Etikoppakka, a village (about 80 km from Vishakapatnam) in Andhra Pradesh is well-known for its lacquered toys and products. Tradition has it that the craft has been practised continuously for two centuries. The products made include toys, utility items like bowls, jars, and containers, and ornaments like bangles and ear rings.
The lacquering here is done on hand- or machine-operated lathe, though delicate items are turned with a hand lathe only. In the lac turney method that is followed here, the lac stick is pressed against the woodenware. The woodenware keeps revolving and the heat generated by friction makes the lac soft, and makes it adhere to the article. The wood used is usually poniki, a soft wood, though toys are also made of other kinds of wood like teak and are given a natural finish. Solid colour lacquering is preferred here. Traditionally natural colours were used though now chemical dyes are also prevalent.
Etikoppaka – a small, dusty village with a population of 12,000 in the Vishakhapatnam district is known for its wooden laccoloured objects. Practiced from many generations, this craft historically documented since the 1830s can be taken back to the time of the Bahmani sultanate. Etikoppaka craft has persisted and survived great hardships and its journey till today speaks volumes about the resilience of this craft form.
In the post-independence period, shrinking local demand and low prices resulted in the migration of artisans to urban areas in search of mere jobs. It is even said that out of a total 225 weaving families, there was a time when only one old artisan and his wife were left in Etikoppaka. Post 1990, the introduction of synthetic dyes led to the initial distortion of traditional practices considered essential for the craft. The use of natural dye extracted from the now extinct local tree called Divi-Divi (Caesalpiniacoriaria) for tones of red, formed an important part in the production process.
In the early years of the 20th century in the midst of hardships and the inevitable extinction of this craft, one man saw immense potential and took up the challenge of reviving Etikoppaka. C V Raju – the head of the local landowning family took a keen interest in the local craft of lathe turned and lacquered wood. His efforts to revive the eco-friendly wood-lacquer process with a focus on natural dyes and efficient processes has brought the artisans back to life who are said to have shifted back to their original craft based occupation.
Approximately 200 artisans belonging to VishwaBrahmin, Devanga, Gouda, Padmasali, Konda, Settybaliga and Kapu castes practice this craft. Lac and AnkudiKarra (Wrightiatinctoria) or Ankudu wood form the main raw materials used in the Tharini or the turned wood lacquer process. Ankudu wood comes from a soft tree also known as soft ivory-wood grown abundantly in the local forests. Branches and trunks of the tree are used to create different objects.
The application of Lac was introduced by C V Raja. Lac is a resinous substance used to impart colour to the wood. There are two types of lac known as Rangeen and Kusumi, where the latter is considered to be of superior quality. The tools used are basic and consist of a planer, saw, cutting tools and hand drills. The wood is seasoned and cut to suitable length. The lac sticks are used to lacquer the items. The lac is further oxidized with natural vegetable colour and then applied to the carved wood piece turning on a lathe.Mogalireku (kevda leaf) is used for finishing and flair to the product. Lacquer work is an extensive process and can be performed either by lathe, machine or hand. Revival of the craft was again led to the identification and use of various natural and vegetable dyes with available colours ranging from previously available tone red to ochre, olive, turquoise and indigo blue.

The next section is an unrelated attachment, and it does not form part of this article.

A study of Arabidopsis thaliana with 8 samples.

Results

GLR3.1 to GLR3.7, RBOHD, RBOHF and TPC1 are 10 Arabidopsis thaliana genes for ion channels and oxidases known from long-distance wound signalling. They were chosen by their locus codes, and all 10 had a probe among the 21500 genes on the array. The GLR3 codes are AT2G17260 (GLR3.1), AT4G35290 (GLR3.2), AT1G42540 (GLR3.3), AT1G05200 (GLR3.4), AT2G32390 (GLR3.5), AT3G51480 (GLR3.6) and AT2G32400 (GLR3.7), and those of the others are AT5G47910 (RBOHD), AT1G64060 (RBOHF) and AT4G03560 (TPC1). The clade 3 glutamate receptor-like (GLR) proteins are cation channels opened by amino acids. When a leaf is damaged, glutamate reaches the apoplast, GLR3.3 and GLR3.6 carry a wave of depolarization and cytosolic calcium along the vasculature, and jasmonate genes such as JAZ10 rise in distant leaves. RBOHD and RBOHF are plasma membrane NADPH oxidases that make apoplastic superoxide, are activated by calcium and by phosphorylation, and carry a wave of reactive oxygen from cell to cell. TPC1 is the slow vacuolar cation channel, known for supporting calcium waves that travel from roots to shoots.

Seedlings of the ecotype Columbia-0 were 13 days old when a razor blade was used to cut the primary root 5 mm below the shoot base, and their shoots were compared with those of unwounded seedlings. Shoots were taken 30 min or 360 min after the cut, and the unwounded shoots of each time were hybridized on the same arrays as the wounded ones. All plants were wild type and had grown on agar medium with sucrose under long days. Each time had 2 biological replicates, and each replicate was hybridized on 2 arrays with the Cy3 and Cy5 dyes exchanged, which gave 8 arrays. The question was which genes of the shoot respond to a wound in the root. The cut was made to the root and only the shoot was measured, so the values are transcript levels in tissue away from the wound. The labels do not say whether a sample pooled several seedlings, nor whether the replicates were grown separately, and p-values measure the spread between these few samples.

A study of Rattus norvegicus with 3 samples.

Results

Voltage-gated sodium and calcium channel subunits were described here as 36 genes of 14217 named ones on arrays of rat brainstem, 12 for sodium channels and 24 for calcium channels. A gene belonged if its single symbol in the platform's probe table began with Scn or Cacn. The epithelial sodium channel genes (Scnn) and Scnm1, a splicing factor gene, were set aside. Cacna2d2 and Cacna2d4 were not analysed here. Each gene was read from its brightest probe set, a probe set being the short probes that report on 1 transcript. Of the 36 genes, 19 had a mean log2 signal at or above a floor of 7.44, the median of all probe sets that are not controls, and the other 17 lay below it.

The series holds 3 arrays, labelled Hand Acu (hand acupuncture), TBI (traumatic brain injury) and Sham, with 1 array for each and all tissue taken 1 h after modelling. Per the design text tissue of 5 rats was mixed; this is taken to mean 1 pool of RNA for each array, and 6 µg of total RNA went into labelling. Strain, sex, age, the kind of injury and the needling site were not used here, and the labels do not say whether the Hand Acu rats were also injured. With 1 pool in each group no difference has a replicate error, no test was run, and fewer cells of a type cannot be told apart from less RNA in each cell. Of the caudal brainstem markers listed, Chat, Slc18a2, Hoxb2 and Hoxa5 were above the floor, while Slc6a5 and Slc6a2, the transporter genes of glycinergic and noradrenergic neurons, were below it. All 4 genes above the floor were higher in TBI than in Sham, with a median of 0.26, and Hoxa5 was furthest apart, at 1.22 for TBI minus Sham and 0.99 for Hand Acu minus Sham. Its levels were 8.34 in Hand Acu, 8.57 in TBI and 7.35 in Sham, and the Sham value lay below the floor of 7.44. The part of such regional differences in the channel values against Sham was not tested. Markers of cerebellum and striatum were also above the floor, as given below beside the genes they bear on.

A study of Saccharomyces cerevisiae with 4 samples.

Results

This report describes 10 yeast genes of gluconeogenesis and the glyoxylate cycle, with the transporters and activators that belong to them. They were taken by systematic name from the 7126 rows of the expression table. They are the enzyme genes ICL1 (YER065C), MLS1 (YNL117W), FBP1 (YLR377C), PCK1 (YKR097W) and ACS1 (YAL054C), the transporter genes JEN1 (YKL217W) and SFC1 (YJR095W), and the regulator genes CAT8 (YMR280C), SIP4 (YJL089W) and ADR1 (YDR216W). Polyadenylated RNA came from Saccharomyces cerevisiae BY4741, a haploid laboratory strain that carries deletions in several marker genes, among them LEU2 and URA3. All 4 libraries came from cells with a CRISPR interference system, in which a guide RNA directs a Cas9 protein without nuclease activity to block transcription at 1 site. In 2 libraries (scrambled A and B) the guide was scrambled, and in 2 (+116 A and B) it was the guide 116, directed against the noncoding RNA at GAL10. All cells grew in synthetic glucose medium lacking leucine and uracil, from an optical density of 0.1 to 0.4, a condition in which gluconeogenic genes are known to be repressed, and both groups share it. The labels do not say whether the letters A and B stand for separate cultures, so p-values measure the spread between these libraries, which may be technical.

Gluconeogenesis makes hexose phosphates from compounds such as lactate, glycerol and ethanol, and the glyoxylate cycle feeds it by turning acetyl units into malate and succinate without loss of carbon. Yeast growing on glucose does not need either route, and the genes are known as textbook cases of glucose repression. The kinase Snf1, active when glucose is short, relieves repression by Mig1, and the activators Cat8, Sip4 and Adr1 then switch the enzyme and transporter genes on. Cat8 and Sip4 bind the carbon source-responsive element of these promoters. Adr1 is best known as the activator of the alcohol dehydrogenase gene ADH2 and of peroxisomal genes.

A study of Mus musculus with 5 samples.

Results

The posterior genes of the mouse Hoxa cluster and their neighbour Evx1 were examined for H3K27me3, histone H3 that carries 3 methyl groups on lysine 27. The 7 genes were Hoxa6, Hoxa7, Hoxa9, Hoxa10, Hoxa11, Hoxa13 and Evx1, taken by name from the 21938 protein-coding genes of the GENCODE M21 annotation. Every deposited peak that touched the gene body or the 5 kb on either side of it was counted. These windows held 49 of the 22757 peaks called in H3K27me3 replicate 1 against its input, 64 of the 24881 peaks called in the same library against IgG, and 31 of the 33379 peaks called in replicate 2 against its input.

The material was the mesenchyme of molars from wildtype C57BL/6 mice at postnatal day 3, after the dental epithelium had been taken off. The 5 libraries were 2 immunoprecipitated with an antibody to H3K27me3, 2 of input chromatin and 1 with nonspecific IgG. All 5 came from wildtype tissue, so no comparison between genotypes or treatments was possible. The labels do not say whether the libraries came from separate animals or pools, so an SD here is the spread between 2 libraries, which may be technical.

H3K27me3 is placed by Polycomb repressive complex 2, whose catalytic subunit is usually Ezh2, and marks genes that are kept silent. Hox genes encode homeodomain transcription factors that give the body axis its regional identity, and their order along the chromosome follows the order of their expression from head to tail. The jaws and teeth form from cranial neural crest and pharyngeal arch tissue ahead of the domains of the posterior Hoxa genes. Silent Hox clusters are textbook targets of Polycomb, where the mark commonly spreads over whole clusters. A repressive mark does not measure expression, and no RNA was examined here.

Etikoppaka originally consisted of wooden articles made for domestic and religious use. Moreover, toys, mythological figures and carvings are said to be exquisite belonging to the Etikoppaka craft. To tap the market potential, various home décor and decorative items like ornaments, cups, lamps, bangles, jewellery boxes, photo frames, cutlery, table ware, and oil bottles form some of the recent and popular products. These products have also found a good market overseas.
Efficient technology and application of traditional methods have resulted in steady improvement of the Etikoppaka craft. However, to say that the problems surrounding the Etikoppaka artisans have diminished would be fallacious. Stringent export norms, eroded markets with cheaper non-original copies of Etikoppaka are some of the issues which require attention. Moreover, inadequate supply of wood threatens to weaken the stability of the artisans. The forest department imposes a fine on the artisans if wood is obtained directly and thus, the artisans remain dependent on middlemen and vendors. Awareness of the craft has led to various institutions of fine art of Andhra Pradesh, NID, and NIFT to get involved in the designing and further development of Etikoppaka craft. Moreover, various societies such as Padmavati Associates, EtikoppakaVanaSamrakshanaSamiti (Forest protection committee) continue to work towards preserving and conserving the existing and future wood stock required for Etikopakka.